Federal Judge in Texas Blocks Biden's Deportation Freeze

migrants being deported line up to get into a school bus

(Johan Ordonez/Getty Images)

The Biden administration’s plan to freeze deportations for 100 days was temporarily blocked again by a federal judge in Texas over a lawsuit arguing the federal government can’t make immigration enforcement changes without first consulting the state.

District Judge Drew Tipton in Victoria, Texas, on Tuesday extended by two weeks a temporary restraining order against the deportation pause that was set to expire. Texas has also requested a longer-lasting injunction that could block the plan during the entire litigation, with a hearing set for Feb. 19, Bloomberg reported.

”The irreparable harm that would accrue to Texas if an extension of the TRO is not granted before consideration of its motion for a preliminary injunction is more substantial than any harm incurred by the defendants,” Tipton wrote, the news service reported.

The order did state, though, the Biden administration "argued that the 100-day pause on removals is necessary to allow" them to take into account "important immigration, foreign policy, and humanitarian considerations,” Fox News reported.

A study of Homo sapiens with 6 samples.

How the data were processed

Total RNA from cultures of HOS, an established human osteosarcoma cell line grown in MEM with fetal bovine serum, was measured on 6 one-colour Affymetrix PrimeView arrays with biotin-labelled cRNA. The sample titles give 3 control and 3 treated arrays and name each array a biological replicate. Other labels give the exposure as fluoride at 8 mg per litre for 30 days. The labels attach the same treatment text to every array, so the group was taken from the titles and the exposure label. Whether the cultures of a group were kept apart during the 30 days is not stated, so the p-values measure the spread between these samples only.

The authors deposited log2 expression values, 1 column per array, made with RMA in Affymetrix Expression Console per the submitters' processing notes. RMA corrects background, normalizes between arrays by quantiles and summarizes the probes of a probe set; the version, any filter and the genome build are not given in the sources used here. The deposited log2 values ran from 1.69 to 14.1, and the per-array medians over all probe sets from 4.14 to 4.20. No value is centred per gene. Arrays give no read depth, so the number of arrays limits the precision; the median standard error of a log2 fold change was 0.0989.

"The Court may ultimately be persuaded by the Defendants’ arguments, but any harm they might incur between now and then does not outweigh the potential for irreparable harm to Texas," Tipton wrote.

Texas Attorney General Ken Paxton last month sued the Biden administration for its move to put a 100 day pause on deportations.

Paxton’s lawsuit claims the Biden administration would be violating an agreement it has with the Department of Homeland Security, and would require at least 180 days’ notice, as well as consultation, prior to implementing changes in immigration policy, Fox News reported.

President Joe Biden has pledged to move forward with a deportation moratorium, which took effect Friday, as his administration resets its approach toward immigration, Fox News noted. Non-citizens who have engaged in, or who are suspected to have engaged in, terrorism and espionage can still be deported.